Traditional recipes with a twist



First I was considering an oatmeal porter, rather than a stout.

Second a very dark or black IPA, furnished with either stout or porter grain bill.

Third how about an India Pale Lager? Or fourth a stout or porter via lager yeast?

Do you guys think the lager yeast would work well in an IPA or stout/porter? I was hoping the classic lager roundness or smoothness might add an interesting dimension to a hop bomb or a roasty, chocolatey black beer.

How would I go about calculating the amount of oats to add to the porter?

Also any suggestions to the black IPA recipe? I love hopbombs but I always have wanted an IPA with substantial malt flavors, whether caramel tasting or roasty tasting. I was thinking a drier stout with citrus tasting hops and dryhopping.
 

Anyone in the least bit curious about these? Any advice on modifying the recipes to reflect the above beers rather than their parent style? IE what to use in a black IPA. I want to add both color AND body, with a firm, roasty, caramely malty background. The hops will be aroma forward, the bitterness being provided by toasted malt, black barley, black patent malt, and roasted barley in synergism with the small amount of bittering hops. ANy malts you guys believe would work better? How about some flaked oats/rye/barley? Or some regular rye or wheat or something? I'mm thinking then some spicy hops, some floral, and some clean grapefruit or citric, perhaps Cascade and or Amarillo gold, and then smaller quantities of specialty hops to add a lovely full palate of intertwining yet distinct hop flavors.

Any thoughts? That was the black IPA, but how about the IPA lager? How about using a yeast that makes fruity flavors and is a lagering yeast. Then cold condition it with dryhopping with fruity, citric, piney, and floral hops.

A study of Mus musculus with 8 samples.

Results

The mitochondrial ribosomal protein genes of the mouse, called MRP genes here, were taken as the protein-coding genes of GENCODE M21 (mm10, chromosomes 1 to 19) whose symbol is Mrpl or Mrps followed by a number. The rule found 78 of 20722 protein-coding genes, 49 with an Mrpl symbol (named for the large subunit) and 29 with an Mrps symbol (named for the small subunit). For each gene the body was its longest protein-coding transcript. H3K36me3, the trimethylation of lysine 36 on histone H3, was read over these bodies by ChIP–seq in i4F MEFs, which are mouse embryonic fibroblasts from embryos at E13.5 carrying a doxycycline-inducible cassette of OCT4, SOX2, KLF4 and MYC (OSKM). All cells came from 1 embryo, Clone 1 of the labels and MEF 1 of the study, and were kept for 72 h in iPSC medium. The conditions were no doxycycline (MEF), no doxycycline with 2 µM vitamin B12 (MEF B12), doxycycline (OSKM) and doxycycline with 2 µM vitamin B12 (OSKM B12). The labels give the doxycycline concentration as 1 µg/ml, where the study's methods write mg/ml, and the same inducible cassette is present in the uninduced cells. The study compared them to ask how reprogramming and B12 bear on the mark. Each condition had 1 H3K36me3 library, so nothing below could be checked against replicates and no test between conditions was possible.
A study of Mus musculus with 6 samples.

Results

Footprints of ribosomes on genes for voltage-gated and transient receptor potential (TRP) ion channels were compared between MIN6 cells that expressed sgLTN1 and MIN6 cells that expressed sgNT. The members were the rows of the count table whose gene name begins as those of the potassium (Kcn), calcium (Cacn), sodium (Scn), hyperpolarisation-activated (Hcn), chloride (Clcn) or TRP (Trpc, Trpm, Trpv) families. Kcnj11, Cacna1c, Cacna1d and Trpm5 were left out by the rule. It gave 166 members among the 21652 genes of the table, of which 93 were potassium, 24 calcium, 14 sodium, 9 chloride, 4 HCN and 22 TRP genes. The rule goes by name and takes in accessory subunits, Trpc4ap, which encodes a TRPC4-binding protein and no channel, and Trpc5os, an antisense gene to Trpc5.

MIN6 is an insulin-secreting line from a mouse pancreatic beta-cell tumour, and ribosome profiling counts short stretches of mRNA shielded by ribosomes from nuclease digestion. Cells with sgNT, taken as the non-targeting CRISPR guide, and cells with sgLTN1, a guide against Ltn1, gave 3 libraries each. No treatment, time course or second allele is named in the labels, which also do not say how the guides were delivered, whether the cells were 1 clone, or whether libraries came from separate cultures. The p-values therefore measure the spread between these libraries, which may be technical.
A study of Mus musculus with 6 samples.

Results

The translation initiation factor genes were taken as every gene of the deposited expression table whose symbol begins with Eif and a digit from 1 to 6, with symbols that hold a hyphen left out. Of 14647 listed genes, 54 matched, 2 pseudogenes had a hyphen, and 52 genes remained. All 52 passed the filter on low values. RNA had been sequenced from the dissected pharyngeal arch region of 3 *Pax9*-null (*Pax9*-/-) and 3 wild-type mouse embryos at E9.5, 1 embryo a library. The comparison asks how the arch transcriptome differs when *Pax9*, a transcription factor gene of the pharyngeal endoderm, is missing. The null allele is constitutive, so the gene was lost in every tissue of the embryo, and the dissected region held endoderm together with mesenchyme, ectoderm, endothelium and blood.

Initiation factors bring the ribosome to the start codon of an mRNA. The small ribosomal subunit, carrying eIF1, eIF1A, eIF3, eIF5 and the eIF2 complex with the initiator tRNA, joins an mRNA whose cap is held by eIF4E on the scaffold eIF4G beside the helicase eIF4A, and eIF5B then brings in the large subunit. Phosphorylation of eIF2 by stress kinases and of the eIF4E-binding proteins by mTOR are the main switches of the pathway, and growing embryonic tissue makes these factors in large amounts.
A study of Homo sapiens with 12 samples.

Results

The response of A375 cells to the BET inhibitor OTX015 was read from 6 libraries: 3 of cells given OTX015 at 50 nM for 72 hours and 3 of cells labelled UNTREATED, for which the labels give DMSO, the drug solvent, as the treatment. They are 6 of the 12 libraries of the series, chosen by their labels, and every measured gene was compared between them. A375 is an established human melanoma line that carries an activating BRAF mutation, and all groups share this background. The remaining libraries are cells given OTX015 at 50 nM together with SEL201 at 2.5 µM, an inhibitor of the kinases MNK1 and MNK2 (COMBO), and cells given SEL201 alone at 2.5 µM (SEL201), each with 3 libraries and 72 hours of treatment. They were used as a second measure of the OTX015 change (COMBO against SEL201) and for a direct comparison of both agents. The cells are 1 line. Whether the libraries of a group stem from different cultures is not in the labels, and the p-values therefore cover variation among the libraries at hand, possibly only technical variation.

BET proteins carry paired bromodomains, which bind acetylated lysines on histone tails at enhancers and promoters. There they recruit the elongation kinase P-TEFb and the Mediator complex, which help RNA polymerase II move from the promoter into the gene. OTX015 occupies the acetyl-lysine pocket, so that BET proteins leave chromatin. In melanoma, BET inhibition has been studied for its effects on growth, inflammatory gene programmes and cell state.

SkewedBrewing


All of these ideas sound cool to me. Its part of the reason I got (back) into homebrewing, to make beers that are a little different than what's available commercially.

Your "Black IPA" sounds like its just a really hoppy and big stout, which is not keeping with the stout style really, so in essence it would be a different beer. I think it sounds like a beer that would be incredibly full of flavors and I would be interested to see what its like.

Again, with the IPL (India Pale Lager) it would be a lager/Pils that is hoppy and high in ABV which isn't exactly deviating completely from the style but is a little different.

IMHO, try whatever you'd like, that's part of the joy of Homebrewing. Like I said, I'd like to see a super hoppy Imperial Stout...
 

Sigafoos


Let us know how they turn out, if you make them!
 

grammatron


I think Highland does an oatmeal porter. It's not really any different than an oatmeal stout.
 

944play


I don't like huge caramelly grainbills getting in the way of my hops, though, so I might take something like a schwarzbier grainbill and hop it up.
 

big supper


Do a search. There is a thread kickin around.